The pointed impact of Enlightenment-era virtues on typography
Claude Garamond’s fonts prevailed during a revolutionary period in Europe. Starting with the Reformation, the Roman Church faced serious theological challenges. By the 17th century, the new intellectual class was challenging long-standing—if not scriptural—parts of the Church’s cosmology, including orthodox physics that dated back some 1800 years to the time of Aristotle. New insights about the motion of planets and comets invited new theories about gravity and elliptical motion, and in 1687, Isaac Newton published Philosophiae Naturalis Principia Mathematica (Mathematical Principles of Natural History).
Officially, this was a publication of the Royal Society, an English association of curious men of leisure. The year before, they’d gone broke publishing a lavish(ly unpopular) book on the history of fish. So it fell to their clerk and Newton’s friend, Edmond Halley, to fund the publication of Newton’s Principia. He hired Joseph Streater, a printing heir who kept his press running by stooping to lows that would have made Gutenberg wipe away tears with fistfuls of indulgences: he was a pornographer.
No matter, for Principia, Streater chose a Garamond font, St. Augustine, still popular 126 years after Claude Garamond’s death. Principia’s first-edition run of 400 copies sold out quickly. It was the culmination of the advances in communication technology that preceded it in the Rennaissance; it was also the harbinger of a new era: The Age of Enlightenment.
Back in Garamond’s homeland, France, Enlightenment virtues found their home at the Imprimeur Royale. Ancient emperors had understood that knowledge was power, and built libraries to house their collections of scrolls. Following their lead, King Louis XIII had established a royal press and, therefore, royal control of information. In 1692 his son, Louis XIV, commissioned a new typeface for the royal printer: Romain du Roi, the King’s Roman.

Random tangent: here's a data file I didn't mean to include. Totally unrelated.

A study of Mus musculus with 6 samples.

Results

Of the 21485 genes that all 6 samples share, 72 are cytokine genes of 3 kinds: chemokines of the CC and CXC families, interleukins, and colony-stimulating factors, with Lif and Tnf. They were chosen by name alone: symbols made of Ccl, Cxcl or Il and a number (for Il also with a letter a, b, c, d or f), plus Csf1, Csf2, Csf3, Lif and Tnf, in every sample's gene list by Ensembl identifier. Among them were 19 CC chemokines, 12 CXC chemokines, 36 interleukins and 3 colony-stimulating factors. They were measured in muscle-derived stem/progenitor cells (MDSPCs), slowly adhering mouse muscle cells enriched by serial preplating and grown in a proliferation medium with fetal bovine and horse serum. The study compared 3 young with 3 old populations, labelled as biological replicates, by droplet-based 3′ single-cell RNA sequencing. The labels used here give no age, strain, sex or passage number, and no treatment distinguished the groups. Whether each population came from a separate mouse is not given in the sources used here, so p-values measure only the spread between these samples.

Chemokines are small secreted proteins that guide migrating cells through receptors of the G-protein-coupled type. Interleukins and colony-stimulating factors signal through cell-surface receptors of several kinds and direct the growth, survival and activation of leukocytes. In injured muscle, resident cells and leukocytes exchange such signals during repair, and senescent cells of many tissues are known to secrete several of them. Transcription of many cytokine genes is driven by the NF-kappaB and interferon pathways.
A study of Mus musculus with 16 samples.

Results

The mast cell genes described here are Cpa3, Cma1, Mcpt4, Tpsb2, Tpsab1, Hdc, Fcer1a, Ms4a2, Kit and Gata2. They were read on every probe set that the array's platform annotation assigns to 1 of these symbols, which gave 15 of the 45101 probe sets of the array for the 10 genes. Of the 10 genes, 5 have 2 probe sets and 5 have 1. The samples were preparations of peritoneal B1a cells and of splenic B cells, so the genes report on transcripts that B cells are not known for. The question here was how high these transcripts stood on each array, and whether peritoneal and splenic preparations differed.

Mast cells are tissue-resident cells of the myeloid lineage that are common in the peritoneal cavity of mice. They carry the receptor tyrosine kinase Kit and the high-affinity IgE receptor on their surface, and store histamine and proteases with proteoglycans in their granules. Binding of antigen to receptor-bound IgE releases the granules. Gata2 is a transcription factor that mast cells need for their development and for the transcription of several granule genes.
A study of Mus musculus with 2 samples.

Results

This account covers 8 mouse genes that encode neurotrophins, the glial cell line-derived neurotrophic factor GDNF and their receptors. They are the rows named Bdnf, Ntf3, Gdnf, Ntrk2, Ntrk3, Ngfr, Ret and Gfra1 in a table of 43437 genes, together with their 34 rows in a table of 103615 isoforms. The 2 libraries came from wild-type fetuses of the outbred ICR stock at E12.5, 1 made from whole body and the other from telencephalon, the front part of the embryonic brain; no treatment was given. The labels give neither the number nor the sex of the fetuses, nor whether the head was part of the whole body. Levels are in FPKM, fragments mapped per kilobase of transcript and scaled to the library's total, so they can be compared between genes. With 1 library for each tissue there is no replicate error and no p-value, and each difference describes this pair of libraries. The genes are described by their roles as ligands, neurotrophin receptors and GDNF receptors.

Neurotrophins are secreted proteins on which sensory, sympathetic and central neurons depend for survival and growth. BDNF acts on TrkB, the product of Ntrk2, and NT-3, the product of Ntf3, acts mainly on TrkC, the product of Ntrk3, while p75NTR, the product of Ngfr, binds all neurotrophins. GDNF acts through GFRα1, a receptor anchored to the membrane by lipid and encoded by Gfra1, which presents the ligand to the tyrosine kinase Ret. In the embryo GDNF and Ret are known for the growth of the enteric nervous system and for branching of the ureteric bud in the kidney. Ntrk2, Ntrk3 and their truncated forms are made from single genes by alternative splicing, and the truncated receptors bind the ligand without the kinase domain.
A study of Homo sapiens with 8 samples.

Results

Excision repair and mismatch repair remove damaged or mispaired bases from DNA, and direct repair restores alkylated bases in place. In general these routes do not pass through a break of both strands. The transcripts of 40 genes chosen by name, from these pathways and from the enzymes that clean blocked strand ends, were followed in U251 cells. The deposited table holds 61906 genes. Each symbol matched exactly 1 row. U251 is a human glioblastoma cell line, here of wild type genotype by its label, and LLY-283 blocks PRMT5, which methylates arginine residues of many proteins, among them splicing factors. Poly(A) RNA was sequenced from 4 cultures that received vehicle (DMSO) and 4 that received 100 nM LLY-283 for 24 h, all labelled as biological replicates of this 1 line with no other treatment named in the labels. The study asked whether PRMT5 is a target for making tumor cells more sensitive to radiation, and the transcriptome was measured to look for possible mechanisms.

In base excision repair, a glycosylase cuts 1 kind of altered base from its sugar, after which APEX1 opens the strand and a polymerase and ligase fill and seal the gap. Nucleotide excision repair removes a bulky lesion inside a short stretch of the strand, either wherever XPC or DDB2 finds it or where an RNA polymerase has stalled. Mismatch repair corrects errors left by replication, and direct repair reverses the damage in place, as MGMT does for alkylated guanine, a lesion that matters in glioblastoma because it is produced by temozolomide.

Renaissance Romans, from the De Spiras’ to Garamond’s, were used in machines, but they were created by hand. A punch cutter would hand-cut punches, in order to hand-punch moulds, in order to hand-cast matrices, and so on. The resulting fonts provided uniform letters, but in the details and dimensions of the fonts we find, still, the human touch in all its imperfection, artistry, and character. Romain du Roi, true to Enlightenment-era rationalization, dispensed with the instinct and intuition of a human punchcutter, and replaced it with the rigid regularity of geometry.
Designed by a committee, each letterform of Romain du Roi, was drawn on a grid of points, each point 1/144th of a French inch. The detail was unnecessary: no punchcutter at the time could machine letters to such fine detail, and it wouldn’t have resulted in a visible difference when printed anyway. This allowed punchcutter Phillippe Grandjean the chance to humanize the cold, geometric forms handed to him by Romain du Roi’s designers.
The innovation of the grid opened up a new “intermediate” era of typography. Soon, Pierre Simon Fournier had modified the grid system, using 72 points per Paris inch, and launched his own type foundry, creating fonts with unprecedented contrast between thick and thin strokes. To their own detriment: Fournier’s matrices were prone to shattering. The new division of labour between font design and punchcutting also opened the field to a heavyweight of the era and one of the enduring names in typography, John Baskerville, who designed fonts but left their creation to smiths.
The Enlightenment virtues of rules and regularity served Louis XIV well. His reign was the peak of absolute monarchy, as he established laws to bring the French aristocracy and church to heel. But the power of rules would soon supersede the power of monarchies themselves. Great political changes were underway, with letters leading the way.